I know that I'm wishing for the improbable here, but perhaps the Brian Williams story will bring some self-reflection to television executives, news anchors and other network correspondents who come into our living rooms to tell us what is going on in America and around the world.
For way too long, especially with the introduction of around-the-clock cable networks, the presentation of news has become more entertainment and less informative.
I understand that each network is competing for viewers and advertising revenue. Years ago, the public had three choices for networks news. Today, the public has multiple choices, not to mention hundreds of Internet sources, to access news from around the world. The competition for limited advertising dollars has each news source trying to outdo the other. The result, I believe, is that the people giving us the news have become, like Williams, the news. In the end, the American public is neither informed nor entertained.
One way the networks try to get as many viewers as possible is through the use of exaggeration and dramatization. Everything on the news these days seems to be presented as high drama, even when it isn't. The Ebola epidemic in Africa is a recent example. While not a problem in U.S., American networks spent days scaring the heck out of the American public to the point that we were willing to lock people up without due process, not because they were infected, but because they had contact with an infected person. With misinformation flying everywhere, the networks failed in their primary mission to keep the public informed.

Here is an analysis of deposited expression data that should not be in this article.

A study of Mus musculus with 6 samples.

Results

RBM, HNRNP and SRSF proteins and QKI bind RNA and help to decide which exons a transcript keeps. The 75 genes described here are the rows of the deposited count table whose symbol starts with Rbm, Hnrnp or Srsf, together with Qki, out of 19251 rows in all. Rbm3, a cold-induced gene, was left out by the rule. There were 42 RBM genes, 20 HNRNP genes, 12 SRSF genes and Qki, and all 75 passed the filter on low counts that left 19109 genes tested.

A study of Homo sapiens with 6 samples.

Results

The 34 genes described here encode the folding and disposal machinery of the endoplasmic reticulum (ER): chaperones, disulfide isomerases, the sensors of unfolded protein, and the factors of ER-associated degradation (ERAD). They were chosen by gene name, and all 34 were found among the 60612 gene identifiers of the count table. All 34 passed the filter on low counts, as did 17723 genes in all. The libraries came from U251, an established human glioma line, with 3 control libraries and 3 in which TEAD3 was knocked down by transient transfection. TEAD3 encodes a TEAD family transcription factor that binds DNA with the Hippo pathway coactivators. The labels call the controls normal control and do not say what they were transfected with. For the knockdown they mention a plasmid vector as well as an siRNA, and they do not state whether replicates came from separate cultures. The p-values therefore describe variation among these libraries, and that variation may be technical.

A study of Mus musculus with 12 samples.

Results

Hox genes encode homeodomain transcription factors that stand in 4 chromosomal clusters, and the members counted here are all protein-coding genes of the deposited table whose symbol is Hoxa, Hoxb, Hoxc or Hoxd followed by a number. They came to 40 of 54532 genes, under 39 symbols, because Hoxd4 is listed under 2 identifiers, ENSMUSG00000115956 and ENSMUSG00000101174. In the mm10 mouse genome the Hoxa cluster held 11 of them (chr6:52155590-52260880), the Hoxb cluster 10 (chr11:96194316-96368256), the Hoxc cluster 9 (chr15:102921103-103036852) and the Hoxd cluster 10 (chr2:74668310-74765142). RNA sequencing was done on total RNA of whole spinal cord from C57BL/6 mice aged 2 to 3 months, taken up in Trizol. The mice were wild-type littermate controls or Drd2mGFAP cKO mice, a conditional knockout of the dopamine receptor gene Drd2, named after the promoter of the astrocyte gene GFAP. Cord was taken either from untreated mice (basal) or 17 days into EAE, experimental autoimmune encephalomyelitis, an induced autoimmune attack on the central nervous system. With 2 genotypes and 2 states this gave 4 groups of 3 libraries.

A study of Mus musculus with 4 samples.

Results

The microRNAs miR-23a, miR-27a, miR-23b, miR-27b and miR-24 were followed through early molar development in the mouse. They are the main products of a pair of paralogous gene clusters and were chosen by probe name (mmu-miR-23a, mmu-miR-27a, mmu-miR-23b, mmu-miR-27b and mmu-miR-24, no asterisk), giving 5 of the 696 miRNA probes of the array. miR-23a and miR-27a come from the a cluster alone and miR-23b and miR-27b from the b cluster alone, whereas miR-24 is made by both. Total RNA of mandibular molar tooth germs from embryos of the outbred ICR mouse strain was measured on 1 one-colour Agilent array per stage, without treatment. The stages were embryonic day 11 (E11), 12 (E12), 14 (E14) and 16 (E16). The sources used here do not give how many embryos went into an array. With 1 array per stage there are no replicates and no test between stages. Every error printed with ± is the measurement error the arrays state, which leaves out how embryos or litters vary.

Meanwhile, real news, such as this winter's serious flu epidemic, which really did threaten the lives of thousands of Americans, received significantly less attention and alarm.
With the exception of PBS, the news presented today is shallow and uninformative. We would all benefit from more depth and unbiased analysis of the news from experts, not talking heads trying to make political points or drum up more viewers.
Too often, television reporters and correspondents serve as each other's guests, switching from an anchor role one hour to analysis role in the next on a different show. These dual roles are a direct conflict of interest if a host hopes to present any resemblance of fairness. Let's face it — many correspondents wear their political affiliation on their sleeves; instead of presenting facts, we get political talking points.
Good reporters, as best they can, remove themselves from the story. But as former ABC News president David Westin stated recently, "I think across the industry now there is a tendency to try to build up our reporters into an important part of the story themselves. Instead of going out in dangerous circumstances and tell us what's happening, they too often put themselves in the middle of the story. I think that is a bad thing."
The Weather Channel is another example of excessive exaggeration and dramatization, especially before big winter storms or hurricanes. Their correspondents frequently act like children excited about an upcoming birthday party. Why do they feel the need to walk outside to demonstrate for us how fast it is snowing or how strong the wind is blowing? Do we really need for them to hold a ruler in the snow to demonstrate what 6 inches of snow looks like?
I seldom watch the evening news or any news program on TV anymore. I'd rather read the news from multiple sources — newspapers and the Internet — at my own pace and not have to deal with the talking heads trying to tell me what I should think.
The same is the case with the weather report. You can keep your bundled up weather people walking outside in the storm. If I want to know what the snow looks like outside, I'll look out my window.
Tom Zirpoli writes from Westminster. His column appears Wednesdays. Email him at email@example.com.